A new National Intelligence Estimate released last week makes it clearer than ever that the Bush administration's headlong rush toward deployment of a national missile defense reflects completely misplaced defense priorities.
For the first time, the CIA and 10 other intelligence agencies that produce the NIE have made the quite logical statement that "U.S. territory is more likely to be attacked with (Weapons of Mass Destruction) using nonmissile means." The tragic events of Sept. 11, which showed, among other things, that those who would do us harm have no need for expensive ballistic missiles to do so, seem to have triggered a welcome change in thinking from previous estimates.
The report goes on to explain that rogue nations or terrorist groups would more likely use ships, trucks or airplanes to deliver deadly payloads to American soil for several reasons: ballistic missile production is much more expensive; ballistic missile launches leave a "return address" that would ensure the total destruction of the launcher by American retaliation; the unsophisticated ballistic missiles that rogue nations or terrorists could get their hands on are often unreliable and inaccurate -- certainly less accurate than parking a Ryder truck under a target building, for instance; missiles are less effective than other means "to disseminate biological warfare agent;" and finally, such means "would avoid missile defenses."
Even if the Bush administration won't take counsel from the reticence of our European and Asian allies to missile defense to heart, if it won't take heed of the warnings of a new arms race as nations around the world try to ensure their ability to defeat any defense we deploy, and if it won't be daunted by the warnings that missile defense technology very well may never work in realistic conditions, shouldn't it finally yield to the best thinking of our own intelligence community about how we should prioritize the threats we face?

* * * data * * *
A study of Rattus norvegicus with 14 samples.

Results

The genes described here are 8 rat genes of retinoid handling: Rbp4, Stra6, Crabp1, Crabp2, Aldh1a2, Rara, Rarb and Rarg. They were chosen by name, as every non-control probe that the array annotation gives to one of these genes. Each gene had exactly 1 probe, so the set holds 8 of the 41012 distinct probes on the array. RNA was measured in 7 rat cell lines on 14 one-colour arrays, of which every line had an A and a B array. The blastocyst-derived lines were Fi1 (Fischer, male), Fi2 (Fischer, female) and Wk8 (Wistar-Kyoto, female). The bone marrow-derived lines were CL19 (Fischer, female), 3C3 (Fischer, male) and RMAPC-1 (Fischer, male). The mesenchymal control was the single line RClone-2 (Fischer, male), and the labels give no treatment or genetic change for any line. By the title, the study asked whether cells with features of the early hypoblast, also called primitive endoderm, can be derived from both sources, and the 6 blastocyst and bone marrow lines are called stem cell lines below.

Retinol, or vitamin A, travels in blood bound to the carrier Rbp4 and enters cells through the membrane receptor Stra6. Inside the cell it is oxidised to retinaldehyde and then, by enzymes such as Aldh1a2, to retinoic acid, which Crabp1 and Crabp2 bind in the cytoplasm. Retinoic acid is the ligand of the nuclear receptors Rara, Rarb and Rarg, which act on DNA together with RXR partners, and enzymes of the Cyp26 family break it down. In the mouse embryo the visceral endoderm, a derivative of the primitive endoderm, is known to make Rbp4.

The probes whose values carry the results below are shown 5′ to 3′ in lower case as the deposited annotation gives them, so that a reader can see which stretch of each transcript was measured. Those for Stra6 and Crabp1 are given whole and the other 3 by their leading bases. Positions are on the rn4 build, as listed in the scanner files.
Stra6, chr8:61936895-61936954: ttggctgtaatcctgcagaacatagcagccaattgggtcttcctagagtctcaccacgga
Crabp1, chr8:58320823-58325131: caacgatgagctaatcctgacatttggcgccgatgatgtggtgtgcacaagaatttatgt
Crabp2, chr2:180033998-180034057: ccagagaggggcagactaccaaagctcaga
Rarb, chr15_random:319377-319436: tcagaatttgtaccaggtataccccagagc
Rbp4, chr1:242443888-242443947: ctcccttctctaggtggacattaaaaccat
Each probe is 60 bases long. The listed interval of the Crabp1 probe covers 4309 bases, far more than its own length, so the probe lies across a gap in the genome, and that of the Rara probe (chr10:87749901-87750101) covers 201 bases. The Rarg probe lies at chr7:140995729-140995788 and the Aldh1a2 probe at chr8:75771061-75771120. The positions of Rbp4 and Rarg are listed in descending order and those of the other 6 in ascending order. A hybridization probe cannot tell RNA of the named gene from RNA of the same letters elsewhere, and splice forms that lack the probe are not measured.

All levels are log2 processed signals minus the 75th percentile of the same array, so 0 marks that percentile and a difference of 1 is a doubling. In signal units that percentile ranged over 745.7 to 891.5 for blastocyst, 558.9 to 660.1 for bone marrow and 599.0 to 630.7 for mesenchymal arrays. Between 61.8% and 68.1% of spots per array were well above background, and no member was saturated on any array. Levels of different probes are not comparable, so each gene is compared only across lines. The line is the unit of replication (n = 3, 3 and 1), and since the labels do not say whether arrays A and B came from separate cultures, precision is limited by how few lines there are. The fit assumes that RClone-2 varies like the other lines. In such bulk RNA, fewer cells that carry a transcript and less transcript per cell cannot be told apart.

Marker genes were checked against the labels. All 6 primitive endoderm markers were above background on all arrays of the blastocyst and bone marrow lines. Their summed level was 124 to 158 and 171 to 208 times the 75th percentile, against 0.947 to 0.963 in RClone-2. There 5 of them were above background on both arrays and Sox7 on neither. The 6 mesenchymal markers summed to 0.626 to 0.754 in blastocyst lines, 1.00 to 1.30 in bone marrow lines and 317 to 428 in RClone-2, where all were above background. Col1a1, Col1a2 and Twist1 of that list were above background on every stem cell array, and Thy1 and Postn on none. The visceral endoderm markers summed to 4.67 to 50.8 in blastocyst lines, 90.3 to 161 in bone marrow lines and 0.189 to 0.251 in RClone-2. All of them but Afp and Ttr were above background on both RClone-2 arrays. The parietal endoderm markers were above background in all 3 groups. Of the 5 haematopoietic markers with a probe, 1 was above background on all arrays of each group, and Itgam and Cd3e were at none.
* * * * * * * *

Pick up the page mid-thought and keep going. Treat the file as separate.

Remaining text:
The heart of the matter, as it so often is in Washington, is money. The return to federal deficits and economic recession will impact how much funding is available for all of our defense efforts, which now include our continued forward deployment all over the world, the war on terror and the new homeland defense missions, as well as any potential NMD system.
Despite what national missile defense advocates argue, we do face spending constraints. In such a situation, priorities must be established. In the current budget, the Bush administration just increased spending on missile defense by over 60 percent to over $8 billion. The budget which will go to Congress in early February will increase that number by at least another 25 percent to over $10 billion and will bring spending on missile defense over the last 15 years to nearly $100 billion, with little to show for it.
Meanwhile, other agencies, which would better deal with what the National Intelligence Estimate calls the "more likely" threat, are being neglected. One good example is the Coast Guard, the country's principal defense against illicit shipping and a critical tool for preventing terrorists from bringing weapons of mass destruction onto American soil.
With a budget of about $5 billion a year, the Coast Guard has only received about $300 million to date in supplemental funding for the national response to terrorism. This compounds the fact that the Coast Guard is too small to deal with the new missions that it must accomplish, and that it faces dramatic equipment shortfalls -- its ships are relatively old and slow and need to be replaced.
The Coast Guard commandant, Adm. James Loy, modestly recommends that we add at least 4,000 people and at least $400 million to the Coast Guard as a start, because in the post-Sept. 11 period, "we took a lot of energy out of missions enormously important for the country, including those with national security implications." Outside analysts argue that these numbers should be much, much higher in order to shore up the woeful lack of resources the Coast Guard faces.
Spending $8 billon to $10 billion a year on NMD while neglecting other more vital, cost-effective, and common-sensical parts of our defense such as the Coast Guard would be a tragic mistake, akin to buying a high-priced alarm system for a home while leaving the front door unlocked.
The administration's prioritization of rapid deployment of an NMD system flies in the face of what our intelligence agencies now tell us, and could very well result in disastrous consequences to America's security. It will take funding away from other more urgently needed and cost-effective programs that will contribute more to homeland security.
We should shelve deployment plans and focus our energy and resources on preventive measures, which are far more effective at reducing the threat to the homeland than a costly, unproven technological defense.
Alex Tiersky is a research associate in national security at the Council on Foreign Relations.